French. Prof Charlotte Werbe has always been drawn to the magic of comics, a medium that brings together words and images in unique ways to tell stories.
While Werbe’s research focuses on all kinds of media, she pays special attention to comics. Given that comics and popular culture are so closely linked, they offer much information regarding the pressing concerns and anxieties of their day, she explained. For example, the past few years have seen a surge in the publication of comics treating immigration and migration.
“We live in an era that is saturated with images—on the news, on social media, in films,” said Werbe. “It is crucial that we think about how we are unpacking these images, in particular, how information is being framed and formulated by the nature of the medium.”
In the classroom, Werbe asks students to think about the ways that biases and assumptions impact the way that we engage with the world. Students are not only asked to interpret, but also to consider their own methods and practices of interpretation. Werbe uses a variety of approaches for encouraging students to respect each other’s differences. For example, she frequently organizes classroom debates, which require that students analyze topics or issues from other perspectives in a considerate and engaged manner.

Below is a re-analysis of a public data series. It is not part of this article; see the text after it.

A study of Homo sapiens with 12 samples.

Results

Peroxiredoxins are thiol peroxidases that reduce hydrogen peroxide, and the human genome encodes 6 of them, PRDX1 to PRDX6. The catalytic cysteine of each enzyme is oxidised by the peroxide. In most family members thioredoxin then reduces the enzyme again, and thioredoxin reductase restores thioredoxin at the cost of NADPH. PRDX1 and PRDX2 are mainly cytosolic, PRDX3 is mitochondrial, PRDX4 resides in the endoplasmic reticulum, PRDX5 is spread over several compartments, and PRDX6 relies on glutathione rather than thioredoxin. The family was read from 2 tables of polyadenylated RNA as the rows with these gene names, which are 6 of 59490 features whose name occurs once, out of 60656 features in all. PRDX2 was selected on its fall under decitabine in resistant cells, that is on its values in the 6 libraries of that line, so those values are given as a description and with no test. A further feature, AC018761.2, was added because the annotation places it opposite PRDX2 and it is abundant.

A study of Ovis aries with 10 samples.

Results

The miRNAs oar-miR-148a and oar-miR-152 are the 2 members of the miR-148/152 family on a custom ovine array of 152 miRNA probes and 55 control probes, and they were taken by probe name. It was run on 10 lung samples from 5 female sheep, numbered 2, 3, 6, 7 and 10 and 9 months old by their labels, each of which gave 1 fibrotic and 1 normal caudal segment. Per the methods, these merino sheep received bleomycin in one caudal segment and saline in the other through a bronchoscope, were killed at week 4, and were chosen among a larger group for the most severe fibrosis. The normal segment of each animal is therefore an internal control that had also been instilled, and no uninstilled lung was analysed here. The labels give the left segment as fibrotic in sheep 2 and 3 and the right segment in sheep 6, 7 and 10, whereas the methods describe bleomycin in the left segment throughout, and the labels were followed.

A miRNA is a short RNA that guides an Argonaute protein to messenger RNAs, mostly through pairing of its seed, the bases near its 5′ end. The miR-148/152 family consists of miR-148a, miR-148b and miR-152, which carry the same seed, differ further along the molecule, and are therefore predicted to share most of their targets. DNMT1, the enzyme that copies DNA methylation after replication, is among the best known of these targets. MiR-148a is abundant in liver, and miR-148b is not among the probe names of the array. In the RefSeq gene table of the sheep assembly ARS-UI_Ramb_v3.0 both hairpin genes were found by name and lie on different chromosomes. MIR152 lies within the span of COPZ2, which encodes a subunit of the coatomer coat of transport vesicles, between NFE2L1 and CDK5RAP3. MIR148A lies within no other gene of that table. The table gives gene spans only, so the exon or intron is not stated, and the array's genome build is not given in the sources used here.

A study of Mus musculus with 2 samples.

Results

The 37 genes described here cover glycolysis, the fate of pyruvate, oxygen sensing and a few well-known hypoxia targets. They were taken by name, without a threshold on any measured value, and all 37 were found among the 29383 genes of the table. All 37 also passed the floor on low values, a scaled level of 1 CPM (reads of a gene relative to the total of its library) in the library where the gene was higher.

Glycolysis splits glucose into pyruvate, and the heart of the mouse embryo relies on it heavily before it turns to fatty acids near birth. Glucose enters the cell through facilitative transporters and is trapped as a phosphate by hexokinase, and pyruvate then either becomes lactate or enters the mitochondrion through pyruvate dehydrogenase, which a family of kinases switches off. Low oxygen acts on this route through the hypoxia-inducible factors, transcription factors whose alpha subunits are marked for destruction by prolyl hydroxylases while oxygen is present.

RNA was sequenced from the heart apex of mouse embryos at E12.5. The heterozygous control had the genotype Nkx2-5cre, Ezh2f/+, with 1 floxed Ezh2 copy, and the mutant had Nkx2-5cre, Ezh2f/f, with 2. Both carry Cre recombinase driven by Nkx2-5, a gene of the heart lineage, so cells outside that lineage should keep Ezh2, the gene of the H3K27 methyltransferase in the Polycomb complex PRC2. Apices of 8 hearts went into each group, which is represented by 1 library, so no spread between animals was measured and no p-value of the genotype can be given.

This spring, she will teach the French Department’s senior seminar, “Representations of Violence in French and Francophone Comics.” In this class, students will be exposed to a range of graphic novels that treat themes of large-scale political violence, such as World War II, the Algerian War, and the Rwandan Genocide.